By Emma Richardson, Operations Manager
I have been managing employees, contractors, and projects at Sales-Link now for over a year, and as a manager, it is my responsibility for making sure issues that come to me find a solution. Especially when it comes to project managing, the success on the project relies on the manager’s ability to follow through on issues that may arise. One response your team should never hear from you is: “I don’t know”. I have found some ways to avoid telling people just that.
First, attempt to answer the question your team member is asking you. You are guiding them in their job so you should be the one who knows how to help them best. You know their needs and where their mistakes are made. Encourage your team members to come to you for help, but be prepared to guide them, if not directly resolve issues for them.
Sometimes, you will not know the answer or the next step to finding a solution. As as manager, you should know the responsibilities of your department and other departments in your company. You should know who can answer some of the questions. It is your responsibility to pass on to your team members information that will help them with their day to day job. Ensure that everyone on your team knows the other’s job role, so they can go to the appropriate person for help next time. Actually encourage it!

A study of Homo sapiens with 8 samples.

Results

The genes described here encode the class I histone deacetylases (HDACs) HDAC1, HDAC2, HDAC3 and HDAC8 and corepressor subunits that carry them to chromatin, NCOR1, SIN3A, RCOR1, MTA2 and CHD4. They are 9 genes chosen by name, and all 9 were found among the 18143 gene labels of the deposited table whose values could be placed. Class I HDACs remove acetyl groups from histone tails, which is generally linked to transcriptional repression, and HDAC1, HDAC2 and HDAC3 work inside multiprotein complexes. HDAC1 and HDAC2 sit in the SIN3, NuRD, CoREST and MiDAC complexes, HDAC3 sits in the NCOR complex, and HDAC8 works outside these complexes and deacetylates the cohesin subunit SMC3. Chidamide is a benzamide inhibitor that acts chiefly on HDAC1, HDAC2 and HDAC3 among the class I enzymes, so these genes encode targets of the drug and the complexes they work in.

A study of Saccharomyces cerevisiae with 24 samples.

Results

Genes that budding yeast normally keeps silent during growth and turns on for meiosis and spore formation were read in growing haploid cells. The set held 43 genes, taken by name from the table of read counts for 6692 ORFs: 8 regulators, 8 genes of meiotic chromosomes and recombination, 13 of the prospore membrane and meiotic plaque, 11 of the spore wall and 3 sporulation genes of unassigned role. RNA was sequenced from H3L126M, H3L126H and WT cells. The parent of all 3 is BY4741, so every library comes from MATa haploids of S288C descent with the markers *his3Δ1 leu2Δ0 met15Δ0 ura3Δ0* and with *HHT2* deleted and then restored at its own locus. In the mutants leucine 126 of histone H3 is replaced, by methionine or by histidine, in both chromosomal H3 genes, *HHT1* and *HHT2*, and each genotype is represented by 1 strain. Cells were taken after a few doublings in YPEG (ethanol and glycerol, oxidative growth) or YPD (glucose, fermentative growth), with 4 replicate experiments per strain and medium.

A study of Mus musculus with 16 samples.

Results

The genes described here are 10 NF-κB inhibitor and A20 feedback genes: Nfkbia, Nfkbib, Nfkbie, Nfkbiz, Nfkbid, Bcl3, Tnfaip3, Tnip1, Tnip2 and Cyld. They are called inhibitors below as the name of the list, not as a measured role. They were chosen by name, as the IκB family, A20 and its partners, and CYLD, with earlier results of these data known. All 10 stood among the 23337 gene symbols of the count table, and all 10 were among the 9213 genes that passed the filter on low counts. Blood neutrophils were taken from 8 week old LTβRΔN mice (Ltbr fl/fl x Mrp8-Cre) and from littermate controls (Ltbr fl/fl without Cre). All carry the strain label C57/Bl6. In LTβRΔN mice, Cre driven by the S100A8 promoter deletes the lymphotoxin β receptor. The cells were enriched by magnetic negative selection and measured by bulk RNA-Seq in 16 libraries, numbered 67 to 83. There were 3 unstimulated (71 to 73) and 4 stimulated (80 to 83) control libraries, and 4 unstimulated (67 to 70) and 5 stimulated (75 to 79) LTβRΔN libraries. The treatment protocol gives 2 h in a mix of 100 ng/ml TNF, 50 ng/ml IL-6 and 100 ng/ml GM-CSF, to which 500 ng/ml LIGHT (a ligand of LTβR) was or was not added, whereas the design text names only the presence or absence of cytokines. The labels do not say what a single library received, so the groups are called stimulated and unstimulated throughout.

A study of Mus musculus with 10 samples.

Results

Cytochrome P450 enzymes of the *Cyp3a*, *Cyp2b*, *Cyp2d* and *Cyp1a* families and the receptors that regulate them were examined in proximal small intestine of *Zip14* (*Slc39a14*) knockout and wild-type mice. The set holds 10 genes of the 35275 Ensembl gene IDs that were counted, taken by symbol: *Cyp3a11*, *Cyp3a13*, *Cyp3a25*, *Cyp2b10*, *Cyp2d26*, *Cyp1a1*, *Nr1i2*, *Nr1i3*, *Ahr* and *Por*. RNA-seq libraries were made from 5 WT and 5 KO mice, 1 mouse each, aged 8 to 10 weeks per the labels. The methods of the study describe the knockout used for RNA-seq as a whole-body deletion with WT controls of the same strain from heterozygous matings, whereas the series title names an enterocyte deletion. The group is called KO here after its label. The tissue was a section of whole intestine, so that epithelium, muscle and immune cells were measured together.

Afterwards, reflect on why you didn’t know the answer to your team member’s question or why you didn’t know the next step to take. Self reflection will not only improve the relationship you have with those you manage, but it will also improve your confidence in your own capabilities. As a manager, you should always be learning from your team members and your mistakes. Any break in communication can be used as a teaching moment for everyone on the team.
Since we’re writing about how to answer questions, I think it is only fitting to introduce Terry Gross, the host of NPR's Fresh Air. She has done some really great interviews, and gives a bit of advice on how to dodge a question - something we aren’t promoting, but she advises a way to do it using honesty. She suggests you hedge with a statement like, “I’m having a difficult time thinking of a specific answer to that.” Gross offers a lot of great advice on communications and has been with NPR since 1975. I recommend her library of interviews as a great treat for a rainy afternoon: https://www.npr.org/people/2100593/terry-gross
Responding with “I don’t know” shuts the conversation down on what to do to resolve the issue. Your team members are coming to you for guidance and you should always respond in a way that encourages learning and growth and honesty! Keep the discussion moving by offering a helpful next step, instead of saying “I don’t know.”